Taking control of the B2B supply chain


More and more links in the value chain — especially retailers and wholesalers — are being forced to reposition themselves under pressure from both existing, yet evolving competitors and fast paced challenger brands with innovative approaches to technology and disruptive business models. B2B supply chain approaches now play an important role in future success.

As Craig Summers, UK MD at Manhattan Associates explains, in order for companies in the B2B sector to meet both industry and customer expectations, they need to take control of their entire supply chains. 

Technology and consumer influence

No two customers are the same and this is especially true for companies active in the B2B sector, such as industrial wholesalers and distributors. Their client base ranges from big companies working on major projects to self-employed professionals. Every customer has his or her own demand and need, which can (and often do), change on an almost daily basis.
People who are short on time now have the option of convenience. They can use a smartphone or computer to order virtually any type of food and have it delivered to their door within half an hour. A TV that broke the previous night can be ordered, delivered and installed in time to catch the big football match later the next day. 
Professionals have come to expect that the immediacy of ordering a Deliveroo take-away or a next day delivery through Amazon Prime should also be possible for the parts and tools they need to trade. A growing number of wholesalers and distributors are responding to these needs with technology that enables their customers to order parts for delivery to the job site early the next morning — or perhaps even later the same day. 

Visibility in the supply chain 

To strengthen their position, wholesalers and distributors need to look to technology to enable and deliver an experience that matches the new buyer persona, as well as their expectations and demands. Additionally, every aspect of the supply chain needs to be considered - from sourcing materials to the point of purchase, delivery and beyond. 
One point along the journey is when a customer places an order. Rather than simply looking to the closest inventory point for stock – which could result in a missed revenue opportunity if the part or product isn’t available – wholesalers and distributors that have visibility of their entire supply chain will be able to quickly see how products can best be allocated, shipped and delivered, cost effectively, from any location. This visibility ensures that customer expectations and demands can be met, and that the wholesaler or distributor is making full use of the stock available.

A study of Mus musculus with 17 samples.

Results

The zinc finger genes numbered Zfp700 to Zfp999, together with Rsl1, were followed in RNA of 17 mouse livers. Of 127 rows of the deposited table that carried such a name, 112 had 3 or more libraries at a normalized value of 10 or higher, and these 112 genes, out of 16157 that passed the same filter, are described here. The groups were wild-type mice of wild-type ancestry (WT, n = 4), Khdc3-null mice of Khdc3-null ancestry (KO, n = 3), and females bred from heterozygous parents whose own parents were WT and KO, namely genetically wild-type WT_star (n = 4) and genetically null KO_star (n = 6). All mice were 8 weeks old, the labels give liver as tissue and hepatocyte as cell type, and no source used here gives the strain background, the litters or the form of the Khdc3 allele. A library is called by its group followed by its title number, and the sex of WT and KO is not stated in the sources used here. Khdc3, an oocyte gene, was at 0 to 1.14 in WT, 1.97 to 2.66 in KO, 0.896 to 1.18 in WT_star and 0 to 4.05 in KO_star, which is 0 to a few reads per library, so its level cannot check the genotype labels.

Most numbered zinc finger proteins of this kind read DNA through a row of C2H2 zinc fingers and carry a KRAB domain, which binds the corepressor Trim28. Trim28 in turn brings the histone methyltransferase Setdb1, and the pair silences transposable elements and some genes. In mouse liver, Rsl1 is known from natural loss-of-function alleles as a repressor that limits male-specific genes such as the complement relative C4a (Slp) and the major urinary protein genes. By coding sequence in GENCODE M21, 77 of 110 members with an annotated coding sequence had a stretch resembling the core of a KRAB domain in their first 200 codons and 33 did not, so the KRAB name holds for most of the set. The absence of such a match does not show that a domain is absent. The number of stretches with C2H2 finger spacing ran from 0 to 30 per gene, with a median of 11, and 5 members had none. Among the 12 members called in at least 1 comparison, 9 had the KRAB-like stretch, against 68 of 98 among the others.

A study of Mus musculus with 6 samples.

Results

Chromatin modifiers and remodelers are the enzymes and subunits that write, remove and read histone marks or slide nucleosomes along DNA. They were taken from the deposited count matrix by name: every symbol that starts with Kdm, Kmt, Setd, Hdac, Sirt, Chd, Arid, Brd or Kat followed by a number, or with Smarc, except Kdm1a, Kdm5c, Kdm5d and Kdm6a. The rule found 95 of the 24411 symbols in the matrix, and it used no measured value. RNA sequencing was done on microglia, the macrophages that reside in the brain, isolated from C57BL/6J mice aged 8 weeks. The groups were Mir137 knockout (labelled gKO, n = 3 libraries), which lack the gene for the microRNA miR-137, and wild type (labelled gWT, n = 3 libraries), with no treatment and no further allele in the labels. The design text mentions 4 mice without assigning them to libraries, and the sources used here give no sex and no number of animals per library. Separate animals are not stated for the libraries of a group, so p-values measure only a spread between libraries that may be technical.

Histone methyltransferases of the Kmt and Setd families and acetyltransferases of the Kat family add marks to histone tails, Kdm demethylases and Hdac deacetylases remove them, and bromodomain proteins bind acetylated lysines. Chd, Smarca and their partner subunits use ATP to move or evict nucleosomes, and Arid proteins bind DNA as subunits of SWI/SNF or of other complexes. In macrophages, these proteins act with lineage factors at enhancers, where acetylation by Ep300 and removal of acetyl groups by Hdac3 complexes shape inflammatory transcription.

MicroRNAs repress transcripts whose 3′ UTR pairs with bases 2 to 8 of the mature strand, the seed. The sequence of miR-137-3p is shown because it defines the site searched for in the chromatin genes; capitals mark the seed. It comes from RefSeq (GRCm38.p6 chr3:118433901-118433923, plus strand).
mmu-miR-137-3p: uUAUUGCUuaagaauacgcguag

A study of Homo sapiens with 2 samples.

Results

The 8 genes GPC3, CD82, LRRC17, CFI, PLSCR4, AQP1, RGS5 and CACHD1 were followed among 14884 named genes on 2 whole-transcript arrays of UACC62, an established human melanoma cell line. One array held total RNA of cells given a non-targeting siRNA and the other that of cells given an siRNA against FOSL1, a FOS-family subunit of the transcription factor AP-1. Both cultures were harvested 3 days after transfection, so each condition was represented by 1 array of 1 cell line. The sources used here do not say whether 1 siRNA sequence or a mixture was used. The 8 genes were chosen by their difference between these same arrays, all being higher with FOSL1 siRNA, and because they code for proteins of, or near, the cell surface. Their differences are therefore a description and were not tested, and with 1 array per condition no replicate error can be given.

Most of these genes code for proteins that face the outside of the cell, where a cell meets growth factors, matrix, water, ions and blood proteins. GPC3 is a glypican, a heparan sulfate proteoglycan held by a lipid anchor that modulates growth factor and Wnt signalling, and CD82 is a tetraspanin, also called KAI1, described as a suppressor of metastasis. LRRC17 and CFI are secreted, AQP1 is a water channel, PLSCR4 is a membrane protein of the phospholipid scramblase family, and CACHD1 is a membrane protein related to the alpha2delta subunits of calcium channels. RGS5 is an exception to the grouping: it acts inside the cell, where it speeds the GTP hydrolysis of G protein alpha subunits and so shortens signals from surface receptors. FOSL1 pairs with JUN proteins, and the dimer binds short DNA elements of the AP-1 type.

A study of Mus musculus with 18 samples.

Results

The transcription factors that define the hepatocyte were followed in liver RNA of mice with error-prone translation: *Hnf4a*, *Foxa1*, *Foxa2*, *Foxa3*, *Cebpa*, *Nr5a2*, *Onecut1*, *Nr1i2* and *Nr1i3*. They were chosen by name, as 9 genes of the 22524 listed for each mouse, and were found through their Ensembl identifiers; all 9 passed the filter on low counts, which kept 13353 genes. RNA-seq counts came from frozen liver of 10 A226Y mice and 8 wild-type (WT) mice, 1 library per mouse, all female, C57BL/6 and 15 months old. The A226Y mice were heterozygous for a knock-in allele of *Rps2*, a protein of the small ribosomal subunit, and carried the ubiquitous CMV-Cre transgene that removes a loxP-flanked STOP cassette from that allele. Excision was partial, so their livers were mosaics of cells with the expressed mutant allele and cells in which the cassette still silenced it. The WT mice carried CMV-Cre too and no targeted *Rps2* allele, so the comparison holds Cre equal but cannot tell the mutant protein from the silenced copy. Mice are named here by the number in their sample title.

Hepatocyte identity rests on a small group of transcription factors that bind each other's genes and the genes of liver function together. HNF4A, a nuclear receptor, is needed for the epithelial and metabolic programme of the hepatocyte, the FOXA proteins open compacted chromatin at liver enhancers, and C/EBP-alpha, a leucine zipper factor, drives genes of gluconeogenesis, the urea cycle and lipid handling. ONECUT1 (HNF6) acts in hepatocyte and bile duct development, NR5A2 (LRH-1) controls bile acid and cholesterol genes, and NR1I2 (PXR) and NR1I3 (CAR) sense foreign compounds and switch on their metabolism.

Putting the wholesaler in control 

Many wholesalers or distributors still do not have an Order Management System (OMS) in place. Whilst some wholesalers may still be using legacy systems that are deemed too complicated to replace, others may be contending with a changing landscape that just refuses to slow down. From changes in customer demands to the rise of online and mobile, many wholesalers and distributors have struggled to keep pace. 

With an OMS in place, wholesalers and distributors can optimise the entire supply chain with a real-time view of the entire end-to-end network. With accurate information and complete visibility, they can make cost-effective and revenue-driving decisions that ensure the customer can be served exactly what they need, when they need it. It means that the plumber waiting for the part to fix a customer’s tap can deliver on their promise, and the mechanic in need of brake pads can get the customer’s car back on the road in no time at all.


Ultimately, the warehouse operation is responsible for a wholesaler or distributor delivering on its brand-customer promise. Traditionally a challenge, this doesn’t have to be anymore, with many wholesalers and distributors having the technology to succeed at their fingertips, and, an efficient OMS is an effective way for these types of organisations to meet the new era of customer promises, in a cost-effective and more sustainable way.